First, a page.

It’s two o’clock on Tuesday morning in Maranello, and I’ve not managed to fall asleep in the Hotel Planet – tomorrow is too exciting – when I hear a powerful car approaching and brapping to a stop.

My room overlooks the main gate of Ferrari’s headquarters on Via Abetone Inferiore.

I’m slow to react (no change there, etc), but remember a Ferrari test driver, and he’s not alone, once telling me engineers often test cars at night here because there’s less chance of being seen by photographers – which is, these days, pretty much everyone – and because the roads are quieter.



So I reach for my phone and glasses from the bedside table and scramble towards a window, reckoning I’ve got mere seconds to scoop a prototype.

It will be taped over with disguise, of course, and painted black, and it’s dark, too, obviously, and I’ll be trying to snap it from 200m away with a four-year-old telephone’s camera. But still. I’m showing willing here, okay?

But when I throw open the window and peer out, I’m just in time to see, inching through a barrier, the unmistakable rear light profile of a McLaren 570S. Or 570GT. Or 600LT or 540C. So not that unmistakable. But not a 720S, I don’t think. And definitely a McLaren.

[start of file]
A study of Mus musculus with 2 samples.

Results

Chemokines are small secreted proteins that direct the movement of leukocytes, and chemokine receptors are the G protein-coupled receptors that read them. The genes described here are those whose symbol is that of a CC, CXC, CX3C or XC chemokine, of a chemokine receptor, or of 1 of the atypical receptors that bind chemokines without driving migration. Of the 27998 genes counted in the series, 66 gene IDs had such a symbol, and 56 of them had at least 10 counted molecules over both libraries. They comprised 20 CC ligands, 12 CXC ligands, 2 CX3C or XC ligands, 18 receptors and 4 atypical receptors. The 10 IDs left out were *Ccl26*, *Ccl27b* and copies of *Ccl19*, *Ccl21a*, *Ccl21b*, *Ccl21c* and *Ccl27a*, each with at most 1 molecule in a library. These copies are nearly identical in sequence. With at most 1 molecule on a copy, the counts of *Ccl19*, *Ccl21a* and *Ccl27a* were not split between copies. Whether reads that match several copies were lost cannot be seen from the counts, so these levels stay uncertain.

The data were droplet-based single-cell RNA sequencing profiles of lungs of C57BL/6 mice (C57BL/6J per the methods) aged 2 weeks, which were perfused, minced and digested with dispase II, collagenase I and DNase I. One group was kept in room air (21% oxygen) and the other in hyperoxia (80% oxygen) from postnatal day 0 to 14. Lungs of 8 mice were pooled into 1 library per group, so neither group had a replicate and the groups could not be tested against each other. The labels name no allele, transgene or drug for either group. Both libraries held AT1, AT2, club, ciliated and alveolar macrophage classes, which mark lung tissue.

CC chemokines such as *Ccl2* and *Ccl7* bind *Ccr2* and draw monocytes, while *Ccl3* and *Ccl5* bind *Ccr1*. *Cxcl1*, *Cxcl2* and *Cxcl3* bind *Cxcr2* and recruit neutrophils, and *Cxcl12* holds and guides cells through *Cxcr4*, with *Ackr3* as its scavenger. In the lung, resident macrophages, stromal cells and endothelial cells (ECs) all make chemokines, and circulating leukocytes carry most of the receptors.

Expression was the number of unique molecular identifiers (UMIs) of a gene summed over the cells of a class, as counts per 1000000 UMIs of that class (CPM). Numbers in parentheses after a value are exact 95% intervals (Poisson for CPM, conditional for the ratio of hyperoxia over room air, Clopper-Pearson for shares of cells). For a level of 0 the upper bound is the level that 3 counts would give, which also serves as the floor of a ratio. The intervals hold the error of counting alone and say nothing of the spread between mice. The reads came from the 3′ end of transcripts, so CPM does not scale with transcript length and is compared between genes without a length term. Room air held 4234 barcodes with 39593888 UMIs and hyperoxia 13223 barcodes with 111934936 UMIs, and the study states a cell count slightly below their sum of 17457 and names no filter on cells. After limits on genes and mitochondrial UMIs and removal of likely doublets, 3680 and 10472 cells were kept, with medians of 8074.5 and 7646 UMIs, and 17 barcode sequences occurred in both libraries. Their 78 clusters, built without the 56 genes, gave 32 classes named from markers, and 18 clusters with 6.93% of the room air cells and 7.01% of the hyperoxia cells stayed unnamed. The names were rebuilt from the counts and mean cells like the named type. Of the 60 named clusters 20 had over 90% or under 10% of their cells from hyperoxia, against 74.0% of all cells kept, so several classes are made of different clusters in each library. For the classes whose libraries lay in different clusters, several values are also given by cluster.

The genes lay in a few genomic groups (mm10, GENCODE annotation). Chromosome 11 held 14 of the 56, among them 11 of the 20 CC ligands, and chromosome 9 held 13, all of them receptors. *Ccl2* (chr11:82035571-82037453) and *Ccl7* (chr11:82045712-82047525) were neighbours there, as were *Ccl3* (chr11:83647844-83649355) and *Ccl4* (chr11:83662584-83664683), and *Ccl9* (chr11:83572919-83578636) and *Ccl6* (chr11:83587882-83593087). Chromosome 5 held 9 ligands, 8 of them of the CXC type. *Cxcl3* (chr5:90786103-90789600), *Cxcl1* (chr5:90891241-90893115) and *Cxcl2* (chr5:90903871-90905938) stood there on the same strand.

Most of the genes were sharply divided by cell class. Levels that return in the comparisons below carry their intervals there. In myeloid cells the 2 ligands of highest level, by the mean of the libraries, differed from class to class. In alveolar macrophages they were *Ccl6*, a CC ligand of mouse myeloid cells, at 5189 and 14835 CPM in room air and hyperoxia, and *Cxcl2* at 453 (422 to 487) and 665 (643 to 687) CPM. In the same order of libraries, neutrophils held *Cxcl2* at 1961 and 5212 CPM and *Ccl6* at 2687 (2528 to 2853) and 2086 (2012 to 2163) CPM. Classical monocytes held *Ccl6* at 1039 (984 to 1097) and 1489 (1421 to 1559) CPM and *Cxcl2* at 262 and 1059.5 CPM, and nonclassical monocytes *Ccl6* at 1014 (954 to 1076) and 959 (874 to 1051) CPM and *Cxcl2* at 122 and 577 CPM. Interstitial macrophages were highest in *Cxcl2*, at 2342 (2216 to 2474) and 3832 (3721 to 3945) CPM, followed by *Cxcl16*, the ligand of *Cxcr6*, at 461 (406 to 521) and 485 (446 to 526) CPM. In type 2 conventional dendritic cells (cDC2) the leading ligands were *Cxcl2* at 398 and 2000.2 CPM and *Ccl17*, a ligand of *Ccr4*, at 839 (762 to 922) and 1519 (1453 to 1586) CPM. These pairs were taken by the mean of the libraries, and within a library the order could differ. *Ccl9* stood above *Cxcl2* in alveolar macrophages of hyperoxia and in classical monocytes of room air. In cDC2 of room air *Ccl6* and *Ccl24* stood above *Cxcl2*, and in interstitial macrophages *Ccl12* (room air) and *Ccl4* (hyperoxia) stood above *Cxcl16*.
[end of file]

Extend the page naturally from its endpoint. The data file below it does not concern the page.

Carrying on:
While my phone camera is trying, and failing, to zoom and focus in the dark, the McLaren drives through the gates and burbles off through that famous old archway and is gone, exhaust echoes occasionally still audible as it pootles, presumably, to some unseen engineering centre in this dense facility where the aisles and streets are named after Ferrari’s Formula 1 world champions.

I know. ‘Supercar manufacturer benchmarks another supercar’ shocker. Ask any senior automotive engineer and they’ll have tried their competitors’ products. Sometimes they borrow them on friendly terms from demonstrator fleets. The other week, I got a text from one engineer saying how great they thought the 600LT they’d just tried was. A few years ago, another told me they’d looked at one of their demo car’s GPS tracking datalogs and were – how to put it? – slightly anxious to note how fast it had been going.


There was a time when a Ferrari’s natural rival would be a Porsche. Not today. There’s nobody each company takes more seriously than the other, despite one company boss (not Ferrari’s) once saying McLaren sold “different lengths of the same sausage”. Ferraris were good before McLaren Automotive arrived at the start of this decade. But they’ve been outstanding since. Would it be churlish to suggest these things are coincidental?



Anyway, while there’s nothing unusual about it, if you’d asked me to guess which rival’s car I’d likely see at Maranello – and ditto at Woking – it’d be a McLaren and Ferrari respectively. Not exactly a revelation, then, but confirmation, of a sort.